I watched the movie The Giver, last night with my sister and I instantly knew I’d have to write about it at some point.
The IMDB.com summary reads: This film, based on Lois Lowry’s book, tells the story of a perfect world. Everyone here is happy. When Jonas is 18 years old, he’s chosen to be the community’s Receiver of Memories. He enters into training with an old man called ‘the Giver’ who would give Jonas memories of the “real” world that the rest of the community is hidden from. From the Giver, Jonas learns not only of love and family, but also of pain, war, and all the unhappy truths the world holds. He quickly realizes that his community is fake. Confronted with this reality, Jonas faces difficult choices about his own life and the futures of many people he’s become close to.
Essentially, the film is reminiscent of many other book to movie transitions in the past few years in that it is aimed towards the YA genre, and follows the ideas of totalitarianism and dystopian universes, such as The Hunger Games and Divergent. From the reviews of those who have read the book, I have discovered that it was never aimed at a Young Adult audience and that quite a few changes were made to have the film appeal to an audience who already had an appetite for such genres.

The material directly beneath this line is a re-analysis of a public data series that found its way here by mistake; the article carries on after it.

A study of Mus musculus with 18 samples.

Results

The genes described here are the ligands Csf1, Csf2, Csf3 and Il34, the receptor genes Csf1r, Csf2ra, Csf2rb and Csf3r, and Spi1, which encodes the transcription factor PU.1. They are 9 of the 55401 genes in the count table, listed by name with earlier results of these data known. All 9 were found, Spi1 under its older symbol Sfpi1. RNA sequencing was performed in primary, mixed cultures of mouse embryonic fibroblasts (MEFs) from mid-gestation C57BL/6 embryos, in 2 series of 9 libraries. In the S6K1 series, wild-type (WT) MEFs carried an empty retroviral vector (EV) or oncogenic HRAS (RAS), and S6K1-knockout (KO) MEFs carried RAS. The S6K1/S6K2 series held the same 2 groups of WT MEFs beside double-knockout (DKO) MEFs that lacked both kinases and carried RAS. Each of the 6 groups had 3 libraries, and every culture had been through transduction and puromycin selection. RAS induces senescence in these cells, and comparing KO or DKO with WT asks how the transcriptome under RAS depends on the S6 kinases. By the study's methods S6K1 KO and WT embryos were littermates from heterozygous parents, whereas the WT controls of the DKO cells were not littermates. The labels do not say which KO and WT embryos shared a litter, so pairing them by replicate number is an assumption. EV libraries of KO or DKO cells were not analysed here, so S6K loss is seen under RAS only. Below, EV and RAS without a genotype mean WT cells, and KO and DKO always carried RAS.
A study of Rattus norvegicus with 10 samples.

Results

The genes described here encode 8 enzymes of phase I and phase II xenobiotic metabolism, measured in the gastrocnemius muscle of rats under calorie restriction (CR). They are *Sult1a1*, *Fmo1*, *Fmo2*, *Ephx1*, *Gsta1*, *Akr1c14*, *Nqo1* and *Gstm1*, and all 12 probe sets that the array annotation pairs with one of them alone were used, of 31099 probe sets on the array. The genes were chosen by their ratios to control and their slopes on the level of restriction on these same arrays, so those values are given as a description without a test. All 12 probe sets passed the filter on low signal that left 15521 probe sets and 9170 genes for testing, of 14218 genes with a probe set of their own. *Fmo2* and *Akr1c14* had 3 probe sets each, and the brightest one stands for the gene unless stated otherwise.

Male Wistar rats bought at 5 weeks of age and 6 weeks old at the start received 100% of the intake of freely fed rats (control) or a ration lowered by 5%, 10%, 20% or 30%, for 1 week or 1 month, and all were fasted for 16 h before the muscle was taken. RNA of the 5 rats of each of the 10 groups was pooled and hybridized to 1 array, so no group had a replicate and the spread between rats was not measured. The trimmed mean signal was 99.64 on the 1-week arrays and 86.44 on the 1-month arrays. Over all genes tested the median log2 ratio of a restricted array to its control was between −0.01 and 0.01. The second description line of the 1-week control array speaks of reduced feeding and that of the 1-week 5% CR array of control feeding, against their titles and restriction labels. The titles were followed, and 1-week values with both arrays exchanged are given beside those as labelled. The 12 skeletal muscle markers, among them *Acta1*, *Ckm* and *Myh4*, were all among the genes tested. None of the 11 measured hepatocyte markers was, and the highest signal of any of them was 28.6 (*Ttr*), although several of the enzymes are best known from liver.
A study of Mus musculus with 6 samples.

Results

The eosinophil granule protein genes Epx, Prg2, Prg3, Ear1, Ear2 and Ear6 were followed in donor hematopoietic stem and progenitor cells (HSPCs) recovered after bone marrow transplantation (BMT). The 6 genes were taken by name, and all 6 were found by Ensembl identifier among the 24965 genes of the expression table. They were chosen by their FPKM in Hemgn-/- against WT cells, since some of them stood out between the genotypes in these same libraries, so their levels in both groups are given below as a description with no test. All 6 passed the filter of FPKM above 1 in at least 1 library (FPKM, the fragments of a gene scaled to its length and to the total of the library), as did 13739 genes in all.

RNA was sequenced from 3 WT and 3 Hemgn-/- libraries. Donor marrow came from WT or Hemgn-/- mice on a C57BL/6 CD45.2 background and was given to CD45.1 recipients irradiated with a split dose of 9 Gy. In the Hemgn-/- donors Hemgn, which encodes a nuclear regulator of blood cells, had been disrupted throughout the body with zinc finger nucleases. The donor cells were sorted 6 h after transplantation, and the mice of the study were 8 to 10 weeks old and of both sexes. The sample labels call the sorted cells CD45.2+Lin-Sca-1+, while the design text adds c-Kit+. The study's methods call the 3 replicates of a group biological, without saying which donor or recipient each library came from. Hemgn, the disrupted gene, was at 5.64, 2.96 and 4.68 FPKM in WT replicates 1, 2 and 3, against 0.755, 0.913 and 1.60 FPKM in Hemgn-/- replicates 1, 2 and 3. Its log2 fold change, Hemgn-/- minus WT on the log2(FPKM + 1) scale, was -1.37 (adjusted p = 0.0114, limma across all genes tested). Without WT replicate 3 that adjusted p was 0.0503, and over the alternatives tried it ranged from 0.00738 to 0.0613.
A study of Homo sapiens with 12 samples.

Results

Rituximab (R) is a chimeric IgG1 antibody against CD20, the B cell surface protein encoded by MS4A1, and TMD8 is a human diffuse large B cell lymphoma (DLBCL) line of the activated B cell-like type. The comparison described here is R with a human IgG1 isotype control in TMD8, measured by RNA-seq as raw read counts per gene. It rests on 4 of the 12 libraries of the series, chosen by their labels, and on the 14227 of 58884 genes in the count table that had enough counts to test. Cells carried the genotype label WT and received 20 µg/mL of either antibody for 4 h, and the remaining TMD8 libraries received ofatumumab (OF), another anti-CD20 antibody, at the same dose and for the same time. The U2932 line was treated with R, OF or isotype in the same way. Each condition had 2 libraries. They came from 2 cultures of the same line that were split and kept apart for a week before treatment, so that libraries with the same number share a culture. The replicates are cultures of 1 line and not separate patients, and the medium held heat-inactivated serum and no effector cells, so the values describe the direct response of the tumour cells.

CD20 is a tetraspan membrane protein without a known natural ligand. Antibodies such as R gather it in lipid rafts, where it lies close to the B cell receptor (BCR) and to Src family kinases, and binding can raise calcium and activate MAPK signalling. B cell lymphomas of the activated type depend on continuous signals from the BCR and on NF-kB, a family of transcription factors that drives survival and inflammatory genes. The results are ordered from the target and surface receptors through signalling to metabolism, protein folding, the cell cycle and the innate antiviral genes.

The storyline, while quite simplistic, drew me in and left me feeling as though I’d learned something and opened my mind by watching the film. The film caused a personal experience for me. There was one line, “Feelings are fleeting. Emotions are much deeper, more primal, they linger.” which hit me quite hard. I feel as though this movie, in which nobody has true emotions, and are constantly berated with “precision of language!”, where the word “love” is not classed as precise, but must be dissected into feelings of pride and appreciation, made me increasingly thankful that we live in a world where we are lucky enough to have emotions, and mindful that we often dismiss them. My mindset has adjusted since watching The Giver, not dramatically but enough that I have felt a shift. It has been interesting.
Cinematically, I found it to be a very average piece. There was nothing overly elaborate in technical effects and there was no real wow-factor moment throughout the film. It was still however pleasant, easy to watch and my interest was held relentlessly throughout. It piqued my interested enough that I plan to read the book, however I simply refuse to compare the two.
The Giver is a movie I would recommend to others, however probably wouldn’t rave about. A good simplistic movie that didn’t feel like a waste of time.